By Aaron Rudger | February 27, 2015

CATEGORIES: Web Performance

If your business depends on the performance of your website and/or apps, you should consider ordering monitoring services right now. There are two primary types—real user monitoring (aka RUM) and synthetic monitoring, and it is important to learn their intrinsic differences before making a decision. Both of them have pros and cons, but most experts suggest that businesses opt for a customized solution that incorporates a combination of both since they complement one another. Together, they will show you exactly how long your pages are taking to load for real users while providing the detailed analysis required to diagnose and improve performance. Both of these monitoring types can be utilized for web, mobile, and tablet browsers.

Synthetic Monitoring

Synthetic monitoring, often called active or proactive monitoring, simulates real user traffic utilizing a variety of external agents located in datacenters around the world that run scripted transactions against a web application.  These scripts mimic the behavior of a typical user such as running a search, viewing a product, logging in, and checking out—in other words, gathering data that simulates real user experience. In the past, synthetic monitoring was typically done using lightweight, low-level agents, but increasingly, it is necessary to run full web browsers to process JavaScript, CSS, and AJAX calls that occur on page loads.

Synthetic monitoring is more predictable than real user monitoring because the script executes a known set of steps at intervals from a known location. It is better for setting alerts and for assessing site availability and network problems, especially if it utilizes integrated network insight. With full client control, synthetic monitoring yields amazingly detailed waterfall charts, resource-by-resource performance, and screenshots/videos of page loads in action.

Pros

  • Consistent and stable baseline
  • Sensitive to small changes in performance
  • Nothing to install
  • Tests site availability even when usage is low or non-existant
  • Ability to measure and compare any website
  • Provides detailed assets analysis
  • Records the user experience via screenshot and (sometimes) video
  • Performance waterfall charts

Cons

  • Limited sample size and page reach
  • Limited geographic coverage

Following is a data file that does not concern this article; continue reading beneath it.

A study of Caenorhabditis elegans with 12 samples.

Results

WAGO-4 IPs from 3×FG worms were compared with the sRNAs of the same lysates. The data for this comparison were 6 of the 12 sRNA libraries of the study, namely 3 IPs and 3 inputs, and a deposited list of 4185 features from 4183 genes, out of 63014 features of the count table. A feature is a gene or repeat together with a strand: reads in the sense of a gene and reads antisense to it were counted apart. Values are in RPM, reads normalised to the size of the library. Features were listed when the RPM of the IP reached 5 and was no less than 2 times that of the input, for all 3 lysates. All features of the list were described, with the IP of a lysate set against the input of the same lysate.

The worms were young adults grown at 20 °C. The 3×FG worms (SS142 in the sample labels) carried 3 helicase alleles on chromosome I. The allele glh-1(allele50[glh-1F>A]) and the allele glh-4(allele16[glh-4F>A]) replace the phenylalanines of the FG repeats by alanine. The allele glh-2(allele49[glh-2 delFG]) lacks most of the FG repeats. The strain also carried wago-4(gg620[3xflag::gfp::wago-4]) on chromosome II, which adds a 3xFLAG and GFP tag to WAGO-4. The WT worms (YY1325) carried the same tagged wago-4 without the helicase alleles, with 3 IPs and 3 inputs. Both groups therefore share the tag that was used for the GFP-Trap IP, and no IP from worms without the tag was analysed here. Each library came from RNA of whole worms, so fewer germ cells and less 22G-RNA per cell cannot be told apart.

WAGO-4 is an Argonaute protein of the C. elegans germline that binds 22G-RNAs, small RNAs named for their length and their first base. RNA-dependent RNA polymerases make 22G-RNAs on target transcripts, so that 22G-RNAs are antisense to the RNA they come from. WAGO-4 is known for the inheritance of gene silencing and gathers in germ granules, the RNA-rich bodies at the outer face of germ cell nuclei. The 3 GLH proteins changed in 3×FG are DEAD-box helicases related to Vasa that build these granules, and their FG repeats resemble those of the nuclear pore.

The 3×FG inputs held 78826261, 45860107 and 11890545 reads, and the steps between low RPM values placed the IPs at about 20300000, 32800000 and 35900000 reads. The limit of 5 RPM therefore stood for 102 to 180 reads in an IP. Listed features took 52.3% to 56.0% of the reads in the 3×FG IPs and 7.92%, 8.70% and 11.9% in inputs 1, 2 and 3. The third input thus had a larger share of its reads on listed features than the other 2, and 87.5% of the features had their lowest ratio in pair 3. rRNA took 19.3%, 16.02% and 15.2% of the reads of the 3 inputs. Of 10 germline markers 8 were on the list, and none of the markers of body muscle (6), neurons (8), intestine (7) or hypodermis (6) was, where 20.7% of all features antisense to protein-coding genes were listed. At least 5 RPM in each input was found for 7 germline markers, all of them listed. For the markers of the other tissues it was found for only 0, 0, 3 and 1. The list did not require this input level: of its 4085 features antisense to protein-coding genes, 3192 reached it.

• Difficult to maintain for fast-changing sites

Real User Monitoring

Most real user monitoring today utilizes JavaScript embedded in web pages to gather performance data about the end user’s perspective as they browse your website. This approach allows you to correlate web performance with user behavior by comparing actual user experience metrics to actions like conversion and engagement. You can monitor important transactions such as making a purchase, quoting an insurance policy, or requesting customer service and determine actual trends. Real user monitoring answers the following questions:

  • How many customers may be impacted by outages and performance issues detected by active “clean room” measurements?
  • What issues are impacting user behavior including conversion, abandonment, and engagement?
  • How is the entirety of my site performing beyond the home page and a few other transaction pages?

Pros

  • Large sample size
  • Real network and browser conditions
  • Limitless geography
  • Conversion and KPI correlation with performance metrics

Cons

  • Requires installation of JavaScript
  • Limited performance metrics
  • Limited ability to provide detailed assets analysis
  • Requires significant site usage to yield reliable results

Keynote’s integrated active and real user monitoring capabilities give you a complete and actionable solution for identifying issues and opportunities. Contact Keynote today to see how a customized solution can help you understand and improve user experience—after all, your customers are your greatest asset and deserve the best monitoring solution.